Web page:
Grab your brooms, Muggles! It’s time to get Quidditch off the ground (with a little help from "Wingardium Leviosa") in this week's Grobby.
Alcohol Mixed With Diet Soda Gets You Drunker, Study Says
Maybe it’s no secret that social drinking can put on the pudge. Calories from hard liquor can add up quickly, making many drinkers more inclined to order diet mixers to keep the calorie count down. But before ordering up that rum with Diet Coke, it’s time to weigh the pros with the cons. A new study suggests diet, artificially-sweetened mixers may elevate intoxication levels more than their sugar-filled counterparts.
What’s the Deal?
The study, published in the journal Alcoholism: Clinical & Experimental Research, was conducted by researchers at Northern Kentucky University. Participants (eight men and eight women between the ages of 21 and 33) attended three research sessions where they received vodka combined with either regular citrus flavored soda, the diet version of the citrus-flavored soda, or a placebo.
The researchers administered a Breathalyzer test to record the participants’ breath alcohol concentrations (BrACs). Then participants answered subjective questions like perceived intoxication, fatigue, impairment, and willingness to drive. After the participants reported how they felt, researchers had them perform a timed computer task to test their reaction time.
So what happened at the lab happy hour? Though participants were unaware of any differences in how boozed-up they felt, BrACs were significantly higher for those who consumed the diet beverage cocktail (up to 18 percent). The diet drinkers also showed higher levels of impairment for the computer task. Another interesting finding had to do with gender. The women, who studies show are more likely to consume diet cola mixed drinks than men, had higher BrACs .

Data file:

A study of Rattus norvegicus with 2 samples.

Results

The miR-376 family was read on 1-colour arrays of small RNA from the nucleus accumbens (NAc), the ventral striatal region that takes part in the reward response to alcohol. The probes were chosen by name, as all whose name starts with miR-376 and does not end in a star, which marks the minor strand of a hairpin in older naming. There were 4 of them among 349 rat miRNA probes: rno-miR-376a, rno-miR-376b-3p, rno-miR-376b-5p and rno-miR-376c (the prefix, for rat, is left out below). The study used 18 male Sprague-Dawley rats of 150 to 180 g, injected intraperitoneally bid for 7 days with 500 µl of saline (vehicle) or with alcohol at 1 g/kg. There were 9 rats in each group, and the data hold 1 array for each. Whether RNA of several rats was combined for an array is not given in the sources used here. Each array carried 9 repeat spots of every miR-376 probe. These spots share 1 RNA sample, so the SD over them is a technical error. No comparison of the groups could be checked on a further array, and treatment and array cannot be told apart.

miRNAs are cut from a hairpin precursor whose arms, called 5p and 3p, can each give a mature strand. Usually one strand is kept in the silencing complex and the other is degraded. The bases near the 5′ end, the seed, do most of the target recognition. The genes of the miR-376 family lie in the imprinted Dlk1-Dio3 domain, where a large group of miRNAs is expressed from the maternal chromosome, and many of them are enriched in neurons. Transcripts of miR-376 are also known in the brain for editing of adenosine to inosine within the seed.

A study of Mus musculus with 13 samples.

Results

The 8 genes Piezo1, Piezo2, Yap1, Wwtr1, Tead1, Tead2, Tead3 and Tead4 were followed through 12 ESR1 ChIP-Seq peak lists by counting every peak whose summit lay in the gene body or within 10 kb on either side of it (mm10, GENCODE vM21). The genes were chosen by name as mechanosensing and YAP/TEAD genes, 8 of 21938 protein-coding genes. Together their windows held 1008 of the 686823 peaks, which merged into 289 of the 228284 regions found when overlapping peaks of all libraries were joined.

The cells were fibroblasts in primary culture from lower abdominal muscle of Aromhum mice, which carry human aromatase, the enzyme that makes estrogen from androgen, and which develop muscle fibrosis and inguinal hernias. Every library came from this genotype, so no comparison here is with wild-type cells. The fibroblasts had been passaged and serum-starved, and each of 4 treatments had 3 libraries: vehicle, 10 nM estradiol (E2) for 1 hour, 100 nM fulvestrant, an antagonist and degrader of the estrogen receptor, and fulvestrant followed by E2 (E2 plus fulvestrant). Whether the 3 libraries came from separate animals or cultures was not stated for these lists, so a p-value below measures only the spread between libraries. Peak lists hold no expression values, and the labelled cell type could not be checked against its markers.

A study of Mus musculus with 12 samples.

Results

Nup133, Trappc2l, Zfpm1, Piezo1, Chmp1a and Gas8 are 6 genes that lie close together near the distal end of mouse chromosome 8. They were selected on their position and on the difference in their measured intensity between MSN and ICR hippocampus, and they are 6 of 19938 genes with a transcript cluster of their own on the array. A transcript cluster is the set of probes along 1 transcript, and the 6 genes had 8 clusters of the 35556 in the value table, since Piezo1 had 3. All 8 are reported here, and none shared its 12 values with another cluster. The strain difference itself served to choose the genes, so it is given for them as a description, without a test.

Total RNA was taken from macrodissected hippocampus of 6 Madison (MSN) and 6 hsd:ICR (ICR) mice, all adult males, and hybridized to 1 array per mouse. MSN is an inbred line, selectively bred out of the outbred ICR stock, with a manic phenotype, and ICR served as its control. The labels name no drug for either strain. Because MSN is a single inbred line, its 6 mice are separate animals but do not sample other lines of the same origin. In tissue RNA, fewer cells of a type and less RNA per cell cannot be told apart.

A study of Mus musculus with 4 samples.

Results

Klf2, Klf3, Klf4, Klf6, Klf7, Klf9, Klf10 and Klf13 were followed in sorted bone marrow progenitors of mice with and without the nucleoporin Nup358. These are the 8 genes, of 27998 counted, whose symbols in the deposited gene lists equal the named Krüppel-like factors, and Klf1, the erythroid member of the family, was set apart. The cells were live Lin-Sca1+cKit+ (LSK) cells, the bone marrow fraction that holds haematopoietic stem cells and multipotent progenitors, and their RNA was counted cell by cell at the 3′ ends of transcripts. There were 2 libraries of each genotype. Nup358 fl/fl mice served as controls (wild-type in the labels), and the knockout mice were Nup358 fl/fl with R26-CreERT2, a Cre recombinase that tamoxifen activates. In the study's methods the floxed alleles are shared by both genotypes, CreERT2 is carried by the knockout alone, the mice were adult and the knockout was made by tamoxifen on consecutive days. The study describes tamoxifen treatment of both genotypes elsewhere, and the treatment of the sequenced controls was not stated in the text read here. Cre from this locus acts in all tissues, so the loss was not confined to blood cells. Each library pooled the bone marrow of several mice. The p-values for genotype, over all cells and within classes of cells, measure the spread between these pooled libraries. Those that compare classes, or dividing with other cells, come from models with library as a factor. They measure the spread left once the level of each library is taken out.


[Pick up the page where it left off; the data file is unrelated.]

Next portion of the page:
Is It Legit?
Science says probably. How is it even possible that a non-alcoholic mixer could affect how drunk we get? Research shows that peoples’ breath alcohol concentration is influenced by all sorts of factors such as sleep, hydration, and if we’ve exercised that day. One major factor: the amount of food we have in our stomachs. With a little food chilling in the belly, alcohol can disappear from the blood at a faster rate . Long story short, mixers that have sugar and calories may have a similar effect to food.
Previous research has shown that diet, artificially-sweetened beverages have resulted in higher levels of intoxication . Even though a bottle of sugar-filled cola is basically just empty calories, researchers believe it can slow down the absorption of alcohol into the bloodstream.
While this study showed calorie-free and sugar-free cocktails left participants feeling their drinks more than the regular version, there are a few key limitations. The study had only 16 participants, all of whom identified themselves as Caucasian. It would be interesting to see the results of this study on a much larger scale, and with a more diverse sample, as well as different doses of a multitude of alcohols and mixers (like juice, for instance). When bar-goers order a drink, diet beverages may seem like the healthier choice. But, this study might put a layer of caution tape on diet mixers, which might be more dangerous than previously thought.
Will this study influence your drink order? Do you think a little diet bubbly brings on the buzz faster? Let us know in the comment section below or tweet the author @nicmdermott.
- Fueling the obesity epidemic? Artificially sweetened beverage use and long-term weight gain. Fowler, S.P., Williams, K., Resendez, R.G., et al. Department of Medicine, Division of Clinical Epidemiology, The University of Texas Health Science Center at San Antonio, San Antonio, Texas. Obesity, 2008 Aug;16(8):1894-900.⤴
- Food-induced lowering of blood-ethanol profiles and increased rate of elimination immediately after a meal. Jones, A.W., Jonsson, K.A. Department of Alcohol Toxicology, University Hospital, Linkoping, Sweden. Journal of Forensic Science, 1994 Jul;39(4):1084-93.⤴
- Artificial sweeteners, caffeine, and alcohol intoxication in bar patrons. Rossheim, M.E., Thombs, D.L. Department of Behavioral Science and Community Health, College of Public Health and Health Professions, University of Florida, Gainesville, Florida. Alcoholism Clinical and Experimental Research, 2011 Oct;35(10):1891-6.⤴
Comments Leave a comment
How about this Redundant Alcohol Consumption with Negative Impact on the Brain ? Would like to know more about this. Thanks!